January 14, 2019
What do you value?
When you start thinking about making a change in your career, whether to a new job or a whole new field, most scientists immediately focus on their technical skills. Some may think about their non-technical (also called soft or transferable) skills – communication, negotiation, leadership, and so on. Your skill set is crucial to your career success, and it is your expertise in these areas that allows you to get hired, and then to successfully do your job.
However, scientists often completely ignore another very important aspect of career development – their personal values. These are the internal factors that motivate and drive you, the things that you think are important, and that you need to have if you are going to be happy in your job. For example, some people are motivated by challenge, and need to have difficult problems to solve. Others are motivated by security, and would much rather have a guarantee of steady work, without regard for challenge. An online search will reveal many lists of possible values, from which you can start to create your own personal values list.
There are many personal values, and different ones are important to different people. Part of what determines how well you get along with your colleagues is how well your values match – do you all agree that honesty is more important than deadlines, or is it acceptable to stretch the truth a little bit? If the latter, can you do this with clients? Colleagues? Supervisors? If you firmly believe in always being completely truthful, but your co-workers are okay with misleading people as long as it gets the work done, you will probably feel betrayed, and start looking for another position.
Your values begin to form in childhood, as you learn what is important to others, and figure out what is important to you. Values are not set in stone, and can change over time. In fact, their relative importance to one another often changes over the course of your lifetime, as your personal circumstances and life stage change. For example, when you are young and early in your career, you may see career growth and ambition as very important, and prioritize them over other values. Mid-career, balance may become very important, as you grow both your career and your family. Towards the end of your career, altruism or challenge may become more important, as you seek personally rewarding work, perhaps at the expense of additional monetary compensation.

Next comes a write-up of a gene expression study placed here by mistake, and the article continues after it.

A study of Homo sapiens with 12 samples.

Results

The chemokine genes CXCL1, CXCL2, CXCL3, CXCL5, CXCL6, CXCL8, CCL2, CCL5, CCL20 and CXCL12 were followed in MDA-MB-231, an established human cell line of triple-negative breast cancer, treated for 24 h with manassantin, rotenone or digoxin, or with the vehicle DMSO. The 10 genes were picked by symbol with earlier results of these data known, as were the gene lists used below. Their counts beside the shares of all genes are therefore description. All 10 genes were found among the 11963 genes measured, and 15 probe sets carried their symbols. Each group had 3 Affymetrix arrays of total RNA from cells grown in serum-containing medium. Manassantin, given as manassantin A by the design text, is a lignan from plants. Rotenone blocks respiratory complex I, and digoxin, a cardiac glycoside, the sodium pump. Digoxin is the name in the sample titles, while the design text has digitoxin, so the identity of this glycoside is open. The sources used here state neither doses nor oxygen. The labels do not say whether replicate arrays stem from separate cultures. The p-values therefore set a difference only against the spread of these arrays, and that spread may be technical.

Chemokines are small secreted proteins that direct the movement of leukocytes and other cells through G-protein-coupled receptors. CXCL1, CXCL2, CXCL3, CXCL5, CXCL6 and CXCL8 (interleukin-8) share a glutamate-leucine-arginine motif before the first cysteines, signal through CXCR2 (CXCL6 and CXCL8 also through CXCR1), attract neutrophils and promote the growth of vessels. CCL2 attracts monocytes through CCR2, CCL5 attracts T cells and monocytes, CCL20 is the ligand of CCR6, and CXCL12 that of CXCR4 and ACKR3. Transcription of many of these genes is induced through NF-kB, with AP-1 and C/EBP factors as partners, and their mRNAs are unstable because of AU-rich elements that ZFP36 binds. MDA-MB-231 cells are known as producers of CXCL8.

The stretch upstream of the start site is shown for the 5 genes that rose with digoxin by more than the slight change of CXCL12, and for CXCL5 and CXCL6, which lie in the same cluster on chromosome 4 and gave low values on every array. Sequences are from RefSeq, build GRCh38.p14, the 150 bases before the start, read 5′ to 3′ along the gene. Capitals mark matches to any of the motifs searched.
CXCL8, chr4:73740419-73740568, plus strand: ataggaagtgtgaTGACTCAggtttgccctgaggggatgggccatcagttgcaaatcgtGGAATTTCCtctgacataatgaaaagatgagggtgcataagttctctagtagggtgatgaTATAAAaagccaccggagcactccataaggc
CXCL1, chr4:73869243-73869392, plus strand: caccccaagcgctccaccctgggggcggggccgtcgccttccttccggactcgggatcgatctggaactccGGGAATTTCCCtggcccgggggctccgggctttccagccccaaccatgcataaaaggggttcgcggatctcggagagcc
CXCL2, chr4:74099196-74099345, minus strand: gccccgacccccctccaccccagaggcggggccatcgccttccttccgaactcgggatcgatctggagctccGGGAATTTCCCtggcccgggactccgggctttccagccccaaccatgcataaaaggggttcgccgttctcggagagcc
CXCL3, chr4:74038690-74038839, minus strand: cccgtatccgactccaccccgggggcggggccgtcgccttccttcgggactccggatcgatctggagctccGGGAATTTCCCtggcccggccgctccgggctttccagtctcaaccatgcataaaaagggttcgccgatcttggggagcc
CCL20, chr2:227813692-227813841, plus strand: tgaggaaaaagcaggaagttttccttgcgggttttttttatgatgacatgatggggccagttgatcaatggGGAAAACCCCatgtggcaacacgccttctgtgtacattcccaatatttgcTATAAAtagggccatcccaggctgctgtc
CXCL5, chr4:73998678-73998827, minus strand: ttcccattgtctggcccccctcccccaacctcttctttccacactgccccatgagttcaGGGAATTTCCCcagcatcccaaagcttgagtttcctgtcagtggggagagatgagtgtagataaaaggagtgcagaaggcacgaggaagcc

Be honest with yourself, and determine what your core values really are, not what you would like them to be, or what you tell yourself they are. For example, if you tell people that balance is your most important value, but you spend 12 hours at work every day, and then spend your entire weekend working from home, there is a mis-match somewhere. Taking a long, careful look at how you spend your time can tell you a lot about what you truly value, and what your priorities really are. If you are more often satisfied with your career and life, you are probably spending your time in a way that is in line with your values. If not, you may want to look at making a change.
If you really want to collect some data, try tracking how you spend your time for a few weeks, or a couple months. Don’t try to make any changes, just track what you are doing. You will probably get some useful insights into where your 128 hours/week goes, and what that says about you. How much of what you “have” to do is really required, and how do you do because that’s what you enjoy doing – or because you’re trying to avoid something else?
In addition to how you spend your time, look at how you spend your money. Do you spend your own money on classes and certifications, so you can move to the next level at work? Did you turn down a promotion, and more money, because you would have lost your autonomy?
Taking time to identify and understand your values will help you understand yourself, and maybe identify what you need to change to get all the pieces of your life in line.
Lisa M. Balbes, PhD, has been a freelance technical writer and editor at Balbes Consultants LLC for over 25 years. She is the author of Nontraditional Careers for Chemists: New Formulas for Chemistry Careers (Oxford University Press).